Low-Rank Approximations for Estimation of Multivariable Dynamics with Application to Energy Systems
System identification is a powerful tool for estimation of the systematic and causal dynamic relations by learning from measurements of input/output data. It provides an effective alternative when first-principles modeling is intractable. It plays an important role in model-based controller design especially during the stage of software-in-the-loop (SIL) and has been widely exploited in a wide range of real-world applications. This dissertation presents a study of theories and applications on multi-input multi-output (MIMO) system identification for estimation of multivariable dynamics between input/output data. The objective is to finally obtain a simplified dynamic model by emphasizing low-rank information during estimation with the aid of singular value decomposition (SVD).
In this dissertation, we study the Covariance Based Realization Algorithm (CoBRA) for estimation of linear time-invariant and time-periodic dynamics and the tensor network (TN) based algorithm for estimation of nonlinear dynamics described by Volterra series. The CoBRA, one branch of subspace methods by using covariance data, is able to focus on the estimation of a low-order deterministic model from noisy data by exploiting the low-rank feature of the data matrix. We propose an optimal implementation of the CoBRA and investigate its efficacy in a closed-loop setting compared with other subspace methods. A MIMO Volterra model is powerful to approximate nonlinear dynamics on the basis of input/output observations. We cope with the curse of dimensionality during model formulation and present TN-based noniterative algorithms for MIMO Volterra system identification. The proposed algorithms show numerical advantages over iterative algorithms.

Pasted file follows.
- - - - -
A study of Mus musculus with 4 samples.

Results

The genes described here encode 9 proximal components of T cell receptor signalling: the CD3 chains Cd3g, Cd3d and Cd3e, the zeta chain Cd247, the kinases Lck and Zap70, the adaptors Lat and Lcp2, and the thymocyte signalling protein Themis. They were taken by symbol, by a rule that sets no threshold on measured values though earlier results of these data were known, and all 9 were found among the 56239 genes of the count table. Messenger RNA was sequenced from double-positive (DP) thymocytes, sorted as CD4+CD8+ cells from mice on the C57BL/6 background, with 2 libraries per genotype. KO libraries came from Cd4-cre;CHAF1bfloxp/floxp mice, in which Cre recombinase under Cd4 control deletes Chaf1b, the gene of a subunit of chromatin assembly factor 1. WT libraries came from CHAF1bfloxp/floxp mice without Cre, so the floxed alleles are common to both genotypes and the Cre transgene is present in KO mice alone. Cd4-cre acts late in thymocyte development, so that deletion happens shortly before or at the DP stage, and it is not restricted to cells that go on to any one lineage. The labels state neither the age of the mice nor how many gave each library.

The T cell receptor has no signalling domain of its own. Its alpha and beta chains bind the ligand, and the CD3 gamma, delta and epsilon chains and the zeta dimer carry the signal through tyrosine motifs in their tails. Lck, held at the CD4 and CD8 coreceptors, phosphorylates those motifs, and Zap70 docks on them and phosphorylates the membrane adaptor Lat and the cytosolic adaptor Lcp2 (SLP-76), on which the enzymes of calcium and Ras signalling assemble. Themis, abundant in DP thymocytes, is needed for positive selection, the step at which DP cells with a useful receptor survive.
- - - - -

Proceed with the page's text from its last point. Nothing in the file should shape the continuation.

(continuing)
This dissertation also studies two real-world applications in energy systems which involve estimation of multivariable dynamics. First, we investigate the microgrid dynamic modeling with power flow covariance data. We propose a model structure which consists of a MIMO linear part concatenated by a static nonlinear part to account for the power loss in transmission lines. Second, we study the modeling for lithium-ion batteries to accurately predict the output terminal voltage. We develop a TN-based Volterra double-capacitor (VDC) model, which is capable of predicting both static and dynamic nonlinearities simultaneously in a more accurate way than other equivalent circuit models (ECMs).